One of my enduring memories of the last recession is of Robin Leigh-Pemberton, the then Governor of the Bank of England, giving evidence to MPs over the collapse of the Bank of Credit and Commerce International (BCCI) in 1991.
Quizzed as to whether the bank had any inkling as to its dubious accounting, Leigh-Pemberton at first said there hadn’t been, before admitting that he had been aware that BBCI had the nickname “the Bank of Crooks and Criminals International”.
As we head through another economic crisis, we can be assured that the duty of regulating banks now falls to a much more professional organisation. Or rather, that was how things were supposed to turn out when the government handed the duty to an expanded Financial Services Authority (FSA) in 2000.
In 2004, the FSA was given the additional job of regulating mortgages, which was supposed to provide protection against the lax lending practices of the eighties’ housing boom and bust.
The result? The first run on a bank since Victorian times; numerous collapsed company pensions schemes; two failed banks, several more saved in dramatic rescues by other banks; an explosion in sub-prime and self-certified mortgages, with huge default rates; and, for the first time in living memory, savers genuinely worried about the safety of their hard-earned money.
Good work, chaps.
On one thing all political parties now agree: financial services must face tighter regulation. But what’s the point when the existing regulators are so useless?
It isn’t hard to work out what will happen: the FSA will be given even more than the £300bn it eats its way through each year. The CEO will get even more than the £661,948 in pay and benefits he received last year. And, shorn of their bad debts through a government bail-out, the banks will carry on just as they did before.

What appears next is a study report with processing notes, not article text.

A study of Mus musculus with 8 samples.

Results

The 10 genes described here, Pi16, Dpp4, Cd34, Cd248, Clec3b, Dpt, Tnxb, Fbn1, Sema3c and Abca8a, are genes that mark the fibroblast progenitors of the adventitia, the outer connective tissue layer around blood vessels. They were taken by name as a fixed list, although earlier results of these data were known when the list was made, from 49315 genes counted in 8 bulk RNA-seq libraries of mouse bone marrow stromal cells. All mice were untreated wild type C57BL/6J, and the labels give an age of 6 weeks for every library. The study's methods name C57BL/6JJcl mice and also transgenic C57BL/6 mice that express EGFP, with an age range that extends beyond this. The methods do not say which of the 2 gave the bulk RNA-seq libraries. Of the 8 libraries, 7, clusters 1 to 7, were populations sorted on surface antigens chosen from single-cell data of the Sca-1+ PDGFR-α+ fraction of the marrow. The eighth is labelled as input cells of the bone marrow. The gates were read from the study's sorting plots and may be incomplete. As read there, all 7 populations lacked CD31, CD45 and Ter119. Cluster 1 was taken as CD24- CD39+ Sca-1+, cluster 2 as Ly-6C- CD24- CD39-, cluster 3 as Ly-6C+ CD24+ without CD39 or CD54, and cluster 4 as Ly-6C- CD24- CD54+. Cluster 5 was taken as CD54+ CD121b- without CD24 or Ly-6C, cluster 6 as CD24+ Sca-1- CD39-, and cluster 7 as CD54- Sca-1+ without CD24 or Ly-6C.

One of the FSA’s great achievements, listed in its 2008 annual report, is to lift the compensation available for savers with deposits in collapsed banks – from up to £31,700, to £35,000. Small beer compared with the pay you can expect if you lose your job at the FSA because you fail to assess the lending practices of a bank which then goes belly-up.
In April, Clive Briault, MD of the FSA’s retail business unit, left with £356,452 of amends for lost salary and bonuses, £36,000 of pension contributions and £202,500 for compensation of loss of office.
Maybe I am just a miserable old scrooge, but if you lose your job because you weren’t doing it properly, how come you get paid whacking bonuses? The government wants to crack down on bankers’ bonuses and companies that pay executives “rewards for failure”, yet the FSA is brazenly doing just that.
To be fair, CEO, Hector Sants, admits that the FSA was caught napping over Northern Rock. “The standard of supervision of Northern Rock last summer was not acceptable either to myself or the FSA,” he writes in the latest report.
He has promised to do better and the FSA has generously decided to increase his pay from £482,829 in 2007 to £661,948 in 2008, in anticipation that he will succeed.
There is at least one FSA success I can report. It moved rapidly when a pension fund was found to be £91.6m in deficit. Thanks to the FSA, some hard-working employees will not suffer the same fate as thousands who lost out when their former employers went under.
Who are these lucky people? Why, no other than the FSA’s own staff, whose final salary pension scheme has just been featherbedded with an extra £3.4m of taxpayers’ cash.
As the FSA admits in its report, it’s been a tough year. But life should be more rewarding next year, what with all that extra regulating to do.